What are some limitations of space exploration?


    Because of the distance involved, reaching other solar systems is little more than a dream. Even if speed of light travel were possible, it would take four years just to reach the nearest star. While Einstein's theories include the slowing of time for those that move at or near light speed, allowing them to make the trip, who is going to want to leave their families knowing that ten, twenty or a thousand years may have passed on Earth by the time that they return, while they've only aged a year or two?

    Generation ships are a possibility, as the time consideration could be waived since entire families would join the ship. However, outside of colonization, what purpose would such a ship have? If you haven't already located a suitable planet, where does the ship head?

    So, are we left with somehow spanning the distance without traveling the space between, perhaps with wormholes? Even if the technology is possible, it would require years of research and almost endless funding for a technology that might be just shy of useless in application. Even if you could make a wormhole, you still need to know WHERE you want to go before you just jump in and press buttons.

    While I believe in the existence of extraterrestrial life, this is my main reasoning for not believing that we're being visited by little green men. Unless they found a way to solve these problems, then they're not coming here any faster than we're going to them.

    1 decade ago

    Interesting question. For now--and probably the next few centuries--the limit is the solar system. whether we'll eventually cross interstellar space is debatable (personally I think we will, but that's just my opinion).

    The only real limit to exploring the solar system is our willingness to develop the technology required. The amazing thing is that our government is not willing to make a real effort to do that. The reason this is surprising is that we already know the benefits--and they are immense. In the late 50s and the 1960s that committment was there--and that we can take on and meet the challlenges was thoroughly proven.

    And we discovered that it was a fantistically good investment. Out of that effort we got the basic technology that underlies our computers, we got vastly improved medical technologies, we got an entirely new kind of materiels -- composites--that are revolutionizing the ariline industry, among others. We got weather satelllites and communications satellites. And a host of other things.

    And other countries are recognizing toe balue of space--we cannot expect the rest of the world to ignore these benefits simply because we--and our political leaders--have lost the vision we once had. Japan, China, Russia, the European Union, Asstralia, and most recently India--are making that committment. The limits to space exploration? They are in our own minds--and hearts. Nowhere else.


    Limitations Of Space Travel


    In general or specifically now?

    In general, the limitation is distance. There's no way around it. While wormholes could theoretically exist, we don't know if they actually do. And we can't go past the speed of light. The distance between stars is mind-boggling, so much so that we can only really describe it by stating how long it took for the light from a star to get here.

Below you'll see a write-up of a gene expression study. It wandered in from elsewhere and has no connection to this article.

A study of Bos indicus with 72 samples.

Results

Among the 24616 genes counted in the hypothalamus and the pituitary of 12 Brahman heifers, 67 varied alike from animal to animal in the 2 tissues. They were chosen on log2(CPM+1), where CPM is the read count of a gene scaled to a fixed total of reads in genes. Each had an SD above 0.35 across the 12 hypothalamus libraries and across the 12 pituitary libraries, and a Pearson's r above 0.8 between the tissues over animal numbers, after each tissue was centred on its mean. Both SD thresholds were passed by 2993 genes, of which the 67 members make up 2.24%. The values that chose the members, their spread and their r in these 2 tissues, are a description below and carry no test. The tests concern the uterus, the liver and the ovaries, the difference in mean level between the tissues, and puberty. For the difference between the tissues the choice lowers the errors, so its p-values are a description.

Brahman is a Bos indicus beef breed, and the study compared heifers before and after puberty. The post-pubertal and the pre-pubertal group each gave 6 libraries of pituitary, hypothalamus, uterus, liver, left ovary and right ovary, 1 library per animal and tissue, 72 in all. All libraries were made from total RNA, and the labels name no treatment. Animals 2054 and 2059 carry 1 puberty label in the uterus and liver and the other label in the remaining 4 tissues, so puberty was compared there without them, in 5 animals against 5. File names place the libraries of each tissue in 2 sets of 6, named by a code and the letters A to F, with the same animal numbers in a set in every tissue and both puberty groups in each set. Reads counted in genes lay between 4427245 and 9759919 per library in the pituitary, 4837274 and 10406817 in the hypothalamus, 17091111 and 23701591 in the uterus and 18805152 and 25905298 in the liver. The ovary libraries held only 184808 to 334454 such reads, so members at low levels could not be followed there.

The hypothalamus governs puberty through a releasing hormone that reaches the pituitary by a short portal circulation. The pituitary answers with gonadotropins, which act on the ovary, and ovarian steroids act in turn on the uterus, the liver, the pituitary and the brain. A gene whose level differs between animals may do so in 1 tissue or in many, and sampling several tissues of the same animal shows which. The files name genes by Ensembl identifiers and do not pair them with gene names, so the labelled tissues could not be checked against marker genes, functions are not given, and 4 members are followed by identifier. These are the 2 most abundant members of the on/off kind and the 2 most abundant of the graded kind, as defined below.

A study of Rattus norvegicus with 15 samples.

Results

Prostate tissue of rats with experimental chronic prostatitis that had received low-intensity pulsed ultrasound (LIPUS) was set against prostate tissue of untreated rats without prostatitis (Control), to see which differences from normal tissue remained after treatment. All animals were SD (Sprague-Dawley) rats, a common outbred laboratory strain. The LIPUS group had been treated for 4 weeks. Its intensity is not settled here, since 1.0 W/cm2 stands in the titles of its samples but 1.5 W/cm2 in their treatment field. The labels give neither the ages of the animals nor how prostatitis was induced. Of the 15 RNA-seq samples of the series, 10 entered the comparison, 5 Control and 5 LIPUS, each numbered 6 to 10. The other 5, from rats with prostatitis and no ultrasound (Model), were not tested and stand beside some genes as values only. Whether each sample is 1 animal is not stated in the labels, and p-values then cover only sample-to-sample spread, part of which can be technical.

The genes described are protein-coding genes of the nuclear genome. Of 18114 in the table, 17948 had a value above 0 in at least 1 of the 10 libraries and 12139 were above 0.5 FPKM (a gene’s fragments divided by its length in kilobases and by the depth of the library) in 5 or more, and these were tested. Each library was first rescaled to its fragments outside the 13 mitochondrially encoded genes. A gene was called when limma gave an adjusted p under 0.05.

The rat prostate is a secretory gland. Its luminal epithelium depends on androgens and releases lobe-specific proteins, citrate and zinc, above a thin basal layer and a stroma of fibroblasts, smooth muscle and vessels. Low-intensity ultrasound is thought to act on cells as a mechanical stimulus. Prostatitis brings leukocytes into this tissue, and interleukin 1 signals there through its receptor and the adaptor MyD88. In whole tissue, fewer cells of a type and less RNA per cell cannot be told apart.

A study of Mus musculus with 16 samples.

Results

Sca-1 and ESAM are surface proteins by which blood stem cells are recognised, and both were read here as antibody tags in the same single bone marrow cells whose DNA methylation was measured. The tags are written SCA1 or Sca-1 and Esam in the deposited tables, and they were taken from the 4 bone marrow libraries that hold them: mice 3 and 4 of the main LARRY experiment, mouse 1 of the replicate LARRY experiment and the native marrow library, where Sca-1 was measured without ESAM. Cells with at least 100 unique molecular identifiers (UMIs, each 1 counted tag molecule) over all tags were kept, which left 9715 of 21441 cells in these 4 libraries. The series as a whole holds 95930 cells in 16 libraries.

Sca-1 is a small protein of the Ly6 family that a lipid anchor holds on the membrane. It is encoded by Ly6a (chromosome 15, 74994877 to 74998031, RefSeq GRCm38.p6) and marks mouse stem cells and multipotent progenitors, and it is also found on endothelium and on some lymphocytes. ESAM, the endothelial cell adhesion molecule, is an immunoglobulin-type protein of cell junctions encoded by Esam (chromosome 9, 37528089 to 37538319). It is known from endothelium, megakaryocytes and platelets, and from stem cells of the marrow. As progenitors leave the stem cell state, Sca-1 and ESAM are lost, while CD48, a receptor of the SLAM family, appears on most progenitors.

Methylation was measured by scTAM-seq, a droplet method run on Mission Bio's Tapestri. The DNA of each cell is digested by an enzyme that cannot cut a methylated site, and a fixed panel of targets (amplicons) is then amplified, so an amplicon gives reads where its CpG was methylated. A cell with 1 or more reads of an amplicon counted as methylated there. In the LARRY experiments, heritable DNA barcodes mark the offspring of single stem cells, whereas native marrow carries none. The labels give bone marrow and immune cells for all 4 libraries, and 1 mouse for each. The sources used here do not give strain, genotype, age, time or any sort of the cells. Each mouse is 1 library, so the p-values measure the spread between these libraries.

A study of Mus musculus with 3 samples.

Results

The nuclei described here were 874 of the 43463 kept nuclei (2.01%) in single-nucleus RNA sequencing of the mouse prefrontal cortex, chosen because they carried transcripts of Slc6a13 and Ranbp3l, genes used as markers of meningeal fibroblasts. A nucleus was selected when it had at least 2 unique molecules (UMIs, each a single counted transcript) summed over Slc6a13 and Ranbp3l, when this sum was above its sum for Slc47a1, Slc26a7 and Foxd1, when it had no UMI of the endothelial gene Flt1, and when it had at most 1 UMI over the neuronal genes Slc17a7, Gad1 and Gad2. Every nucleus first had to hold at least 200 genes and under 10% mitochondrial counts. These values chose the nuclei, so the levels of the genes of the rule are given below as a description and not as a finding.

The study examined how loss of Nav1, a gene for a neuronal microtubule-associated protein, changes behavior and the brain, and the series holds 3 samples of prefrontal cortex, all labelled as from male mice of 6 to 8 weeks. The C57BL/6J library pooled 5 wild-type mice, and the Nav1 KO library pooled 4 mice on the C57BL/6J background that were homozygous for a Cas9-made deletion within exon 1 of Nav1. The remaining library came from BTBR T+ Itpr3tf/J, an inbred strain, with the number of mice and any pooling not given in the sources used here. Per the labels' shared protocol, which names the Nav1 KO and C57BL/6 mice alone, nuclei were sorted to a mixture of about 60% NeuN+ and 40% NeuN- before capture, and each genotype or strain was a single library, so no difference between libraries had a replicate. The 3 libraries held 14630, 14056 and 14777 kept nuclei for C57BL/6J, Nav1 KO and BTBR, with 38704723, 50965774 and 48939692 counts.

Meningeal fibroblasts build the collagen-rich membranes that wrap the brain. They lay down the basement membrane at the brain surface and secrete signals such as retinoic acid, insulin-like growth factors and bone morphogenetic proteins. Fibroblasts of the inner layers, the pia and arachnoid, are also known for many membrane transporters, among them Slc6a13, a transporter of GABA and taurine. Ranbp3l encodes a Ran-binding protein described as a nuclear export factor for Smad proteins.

Time is the great limiter of space travel. It takes incredible amounts of time to reach anything. At this time, we cannot combat that. Can you sit, bored, in a tiny room for the 9 months it would take to reach Mars? or the 50 years it would take to reach our closest star?

    If we develop faster than light travel (extremely unlikely) or stasis (very likely) then this becomes less of a problem. You'd only age a year, but everyone you kew back home has died of old age.... still not an optimal solution.

    1 decade ago

    I guess its Time. People took great achievements on the past centuries, but in reality we have only saw a dust of it. Space it too broad. Too huge that we could imagine. We could travel the whole universe within a million years, and take note, only if we are riding a space shuttle that is as fast as the velocity of light. I think that was beyond reallity. And human age and time prevents it for making it possible.


    The only real limitation is the speed of light. Nothing we know of can go faster than that that is of practical use.

    Some debunking:

    If you go fast enough, you don't need provisions, nor will you be particularly bored. Time dialtion will assure that the trip, from you point of view, is only a few days to anywhere you want to go. There are a few stars a few light years away, the nearest galaxy other than our own is abot 250000 light years away

    1 decade ago

    I'm not sure what kind of answers you want to hear, but "time" is a major limitation. If we want to explore the rest of our galaxy, we have to develop something that can get around the vast distances between solar systems.


    Well lets just hope its just as hard for somebody on the other side of the galaxy to get here as it is for us to get there. If you could travel at 0.99 x the speed of light according to Carl Sagan you could circmumnavigator the entire known universe in one human lifetime.

    I don't see that happening anytime soon. For the technology we have now the farthest we can go is our own solar system. The nearest star is still too far away.


    Going a distance from your spacecraft or your drif of into space is a huge one. There are to many. The list could go on forever. Running out of fuel, weakness of bones and muscle because of weightlessness, exploding while going through the atmosphere, just plain exploding, etc...

    Source(s): Every science book I've read.